SMALL and medium enterprises (SMEs) without their own rooftop space are now jumping on the solar power bandwagon, after local solar firm Sun Electric introduced a new business model separating the generation of solar power from its consumption.
This comes after Apple also signed a deal in November last year to receive power generated by solar energy systems on the rooftops of other buildings, to supplement those generated by its own.
Seven local firms – the Chope Group, Sky Tower on Sentosa, Pilatique, Seagift, Lotto Carpets Gallery, Absolute Living and Duta Holdings – have since a month ago started receiving electricity from solar panels installed on the rooftop of JTC in Tuas South. Under Sun Electric’s SolarSpace programme, businesses can use solar power without installing their own solar panels. The firm connects these buyers with owners of rooftop space.
The latter have the systems installed for free by Sun Electric and receive an agreed tariff based on the amount of electricity generated. There is no obligation to use the solar energy themselves. The SolarSpace programme will help speed up the adoption of solar power in Singapore, said Sun Electric’s chief executive Matthew Peloso.
“Essentially we’ve separated the generation from the consumption of solar energy,” he said.
The agreement between Sun Electric and the SMEs was the result of a grant call launched by JTC and Spring Singapore in 2014 to test-bed sustainable technologies in JTC’s facilities.
Said Energy Market Authority (EMA) chairman Loh Khum Yean at the launch of the SolarSpace programme on Monday: “We hope businesses will continue to leverage on such collaborative grant calls to help them accelerate the commercialisation of their products and services.”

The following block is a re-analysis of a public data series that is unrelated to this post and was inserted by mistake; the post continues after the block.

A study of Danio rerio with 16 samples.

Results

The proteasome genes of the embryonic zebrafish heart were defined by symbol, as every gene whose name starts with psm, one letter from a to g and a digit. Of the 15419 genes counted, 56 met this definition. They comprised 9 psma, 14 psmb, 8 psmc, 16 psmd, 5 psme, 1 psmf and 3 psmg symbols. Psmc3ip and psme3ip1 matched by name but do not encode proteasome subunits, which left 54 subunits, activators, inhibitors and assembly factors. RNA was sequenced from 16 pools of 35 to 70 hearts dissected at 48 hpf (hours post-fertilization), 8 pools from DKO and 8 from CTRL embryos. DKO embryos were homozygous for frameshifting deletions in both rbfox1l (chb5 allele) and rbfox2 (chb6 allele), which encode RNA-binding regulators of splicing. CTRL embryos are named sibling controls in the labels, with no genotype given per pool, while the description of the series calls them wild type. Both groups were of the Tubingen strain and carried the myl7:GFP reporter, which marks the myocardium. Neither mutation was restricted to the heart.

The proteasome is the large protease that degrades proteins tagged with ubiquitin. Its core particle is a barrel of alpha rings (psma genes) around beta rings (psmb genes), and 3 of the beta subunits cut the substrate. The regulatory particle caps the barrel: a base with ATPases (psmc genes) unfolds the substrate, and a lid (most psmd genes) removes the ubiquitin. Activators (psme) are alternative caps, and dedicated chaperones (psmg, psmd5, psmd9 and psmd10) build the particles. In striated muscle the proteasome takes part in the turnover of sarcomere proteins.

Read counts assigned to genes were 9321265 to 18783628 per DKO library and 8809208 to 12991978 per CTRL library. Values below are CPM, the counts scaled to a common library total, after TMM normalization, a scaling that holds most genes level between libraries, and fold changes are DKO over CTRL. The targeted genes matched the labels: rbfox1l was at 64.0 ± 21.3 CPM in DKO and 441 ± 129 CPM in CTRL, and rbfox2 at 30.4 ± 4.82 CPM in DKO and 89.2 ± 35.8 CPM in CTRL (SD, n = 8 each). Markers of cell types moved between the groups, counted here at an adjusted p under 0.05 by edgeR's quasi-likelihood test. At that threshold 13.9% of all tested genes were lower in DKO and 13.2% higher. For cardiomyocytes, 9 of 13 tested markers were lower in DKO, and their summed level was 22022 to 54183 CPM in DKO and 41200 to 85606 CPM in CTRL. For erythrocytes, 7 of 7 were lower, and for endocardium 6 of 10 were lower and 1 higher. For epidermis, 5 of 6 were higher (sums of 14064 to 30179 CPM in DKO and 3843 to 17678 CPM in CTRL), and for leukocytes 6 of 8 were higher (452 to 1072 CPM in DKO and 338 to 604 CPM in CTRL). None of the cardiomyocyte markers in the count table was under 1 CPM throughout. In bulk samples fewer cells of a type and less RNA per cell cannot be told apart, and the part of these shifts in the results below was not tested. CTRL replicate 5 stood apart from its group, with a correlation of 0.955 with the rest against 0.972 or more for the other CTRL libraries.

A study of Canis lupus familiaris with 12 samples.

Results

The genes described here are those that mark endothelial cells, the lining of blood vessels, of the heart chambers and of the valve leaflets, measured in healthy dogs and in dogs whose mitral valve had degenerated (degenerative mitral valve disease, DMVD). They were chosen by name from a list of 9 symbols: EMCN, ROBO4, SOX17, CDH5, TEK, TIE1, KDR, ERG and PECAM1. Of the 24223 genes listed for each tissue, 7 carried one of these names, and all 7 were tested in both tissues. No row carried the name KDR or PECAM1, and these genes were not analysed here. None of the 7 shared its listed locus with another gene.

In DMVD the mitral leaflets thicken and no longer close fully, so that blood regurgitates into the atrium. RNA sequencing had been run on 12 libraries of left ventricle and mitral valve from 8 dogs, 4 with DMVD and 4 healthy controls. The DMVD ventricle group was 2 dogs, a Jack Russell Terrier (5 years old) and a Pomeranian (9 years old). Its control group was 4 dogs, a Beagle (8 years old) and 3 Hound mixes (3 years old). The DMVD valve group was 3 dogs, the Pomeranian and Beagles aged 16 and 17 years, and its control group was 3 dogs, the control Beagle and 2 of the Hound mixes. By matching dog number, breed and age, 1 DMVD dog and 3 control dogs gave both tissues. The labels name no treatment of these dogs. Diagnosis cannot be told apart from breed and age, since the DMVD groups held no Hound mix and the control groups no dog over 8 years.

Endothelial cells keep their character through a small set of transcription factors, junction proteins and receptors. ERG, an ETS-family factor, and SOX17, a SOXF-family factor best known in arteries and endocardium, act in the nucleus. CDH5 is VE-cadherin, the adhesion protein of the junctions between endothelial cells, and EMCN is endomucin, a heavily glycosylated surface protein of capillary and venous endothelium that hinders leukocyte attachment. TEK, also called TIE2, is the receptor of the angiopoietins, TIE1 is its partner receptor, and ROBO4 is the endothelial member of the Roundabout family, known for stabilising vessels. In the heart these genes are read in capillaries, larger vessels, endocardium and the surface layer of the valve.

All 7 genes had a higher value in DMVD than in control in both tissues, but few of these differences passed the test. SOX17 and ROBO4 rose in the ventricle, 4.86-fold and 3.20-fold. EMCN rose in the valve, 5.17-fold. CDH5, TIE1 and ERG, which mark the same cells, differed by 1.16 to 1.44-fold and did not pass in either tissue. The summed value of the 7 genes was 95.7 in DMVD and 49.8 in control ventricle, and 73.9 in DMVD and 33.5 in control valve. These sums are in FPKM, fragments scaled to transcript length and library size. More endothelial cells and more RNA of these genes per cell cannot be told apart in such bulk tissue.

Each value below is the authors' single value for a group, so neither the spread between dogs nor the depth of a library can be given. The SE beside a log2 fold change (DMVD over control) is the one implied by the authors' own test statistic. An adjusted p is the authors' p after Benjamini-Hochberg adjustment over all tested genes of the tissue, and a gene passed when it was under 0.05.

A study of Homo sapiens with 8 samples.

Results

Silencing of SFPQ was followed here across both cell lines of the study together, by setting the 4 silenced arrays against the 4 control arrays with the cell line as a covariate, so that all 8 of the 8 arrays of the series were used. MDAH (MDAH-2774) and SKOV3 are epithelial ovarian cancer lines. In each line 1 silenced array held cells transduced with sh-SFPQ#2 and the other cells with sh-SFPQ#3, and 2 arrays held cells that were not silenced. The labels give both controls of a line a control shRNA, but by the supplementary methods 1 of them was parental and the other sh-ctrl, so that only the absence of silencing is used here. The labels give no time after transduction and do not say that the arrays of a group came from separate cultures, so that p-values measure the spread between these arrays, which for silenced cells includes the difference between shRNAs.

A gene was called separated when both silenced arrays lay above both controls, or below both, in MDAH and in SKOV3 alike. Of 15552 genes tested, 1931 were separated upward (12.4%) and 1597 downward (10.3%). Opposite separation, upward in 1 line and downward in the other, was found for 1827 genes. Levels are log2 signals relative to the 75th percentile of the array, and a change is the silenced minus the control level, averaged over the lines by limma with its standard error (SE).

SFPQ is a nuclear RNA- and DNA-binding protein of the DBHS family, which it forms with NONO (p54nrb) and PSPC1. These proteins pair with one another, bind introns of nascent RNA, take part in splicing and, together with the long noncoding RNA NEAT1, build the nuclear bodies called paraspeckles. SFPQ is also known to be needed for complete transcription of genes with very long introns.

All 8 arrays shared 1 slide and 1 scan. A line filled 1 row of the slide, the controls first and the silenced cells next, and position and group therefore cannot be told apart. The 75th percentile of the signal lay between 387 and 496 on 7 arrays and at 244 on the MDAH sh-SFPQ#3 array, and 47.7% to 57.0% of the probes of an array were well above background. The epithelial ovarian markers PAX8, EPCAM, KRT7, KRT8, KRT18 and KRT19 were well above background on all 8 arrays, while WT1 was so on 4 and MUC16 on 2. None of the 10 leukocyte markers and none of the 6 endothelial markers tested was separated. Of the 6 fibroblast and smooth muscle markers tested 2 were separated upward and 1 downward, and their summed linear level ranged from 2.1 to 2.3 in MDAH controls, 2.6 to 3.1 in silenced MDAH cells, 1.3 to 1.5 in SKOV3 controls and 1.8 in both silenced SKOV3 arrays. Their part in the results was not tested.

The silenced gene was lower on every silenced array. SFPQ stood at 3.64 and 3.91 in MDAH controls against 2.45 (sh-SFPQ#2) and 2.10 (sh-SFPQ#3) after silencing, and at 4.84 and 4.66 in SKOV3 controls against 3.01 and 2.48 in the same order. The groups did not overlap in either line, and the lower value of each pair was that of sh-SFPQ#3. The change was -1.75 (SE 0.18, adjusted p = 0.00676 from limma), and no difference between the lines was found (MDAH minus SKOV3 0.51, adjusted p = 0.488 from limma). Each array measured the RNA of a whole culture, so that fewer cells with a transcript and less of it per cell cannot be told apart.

The government is planning to fully liberalise the electricity retail market by the second half of 2018, which will allow 1.3 million small consumers, mainly households, to choose their own electricity retailers.
“EMA will support the use of solar energy in Singapore,” said Mr Loh. “We will continue to enhance the regulatory framework to encourage deployment, while actively looking for ways to manage the intermittent nature of solar and maintain overall grid system stability.”
For example, since December last year, the agency has allowed solar consumers the choice to use solar profiling instead of physical meters to measure the amount of solar energy generated, reducing costs by S$2,500 for each metering point a year, said Mr Loh.
The seven firms will in total take up 0.5 megawatt (MW) of power from JTC’s rooftop; Sun Electric is now in the process of building additional capacity of 9.5 MW on other rooftops. It foresees a portfolio of solar energy systems totalling 20 MW by the end of the year.
This, said Dr Peloso, is estimated to cost S$30 million. Sun Electric, which also plans to export its business model and software systems to markets such as the US, Philippines, Australia and Japan this year, is in the process of raising S$50 million.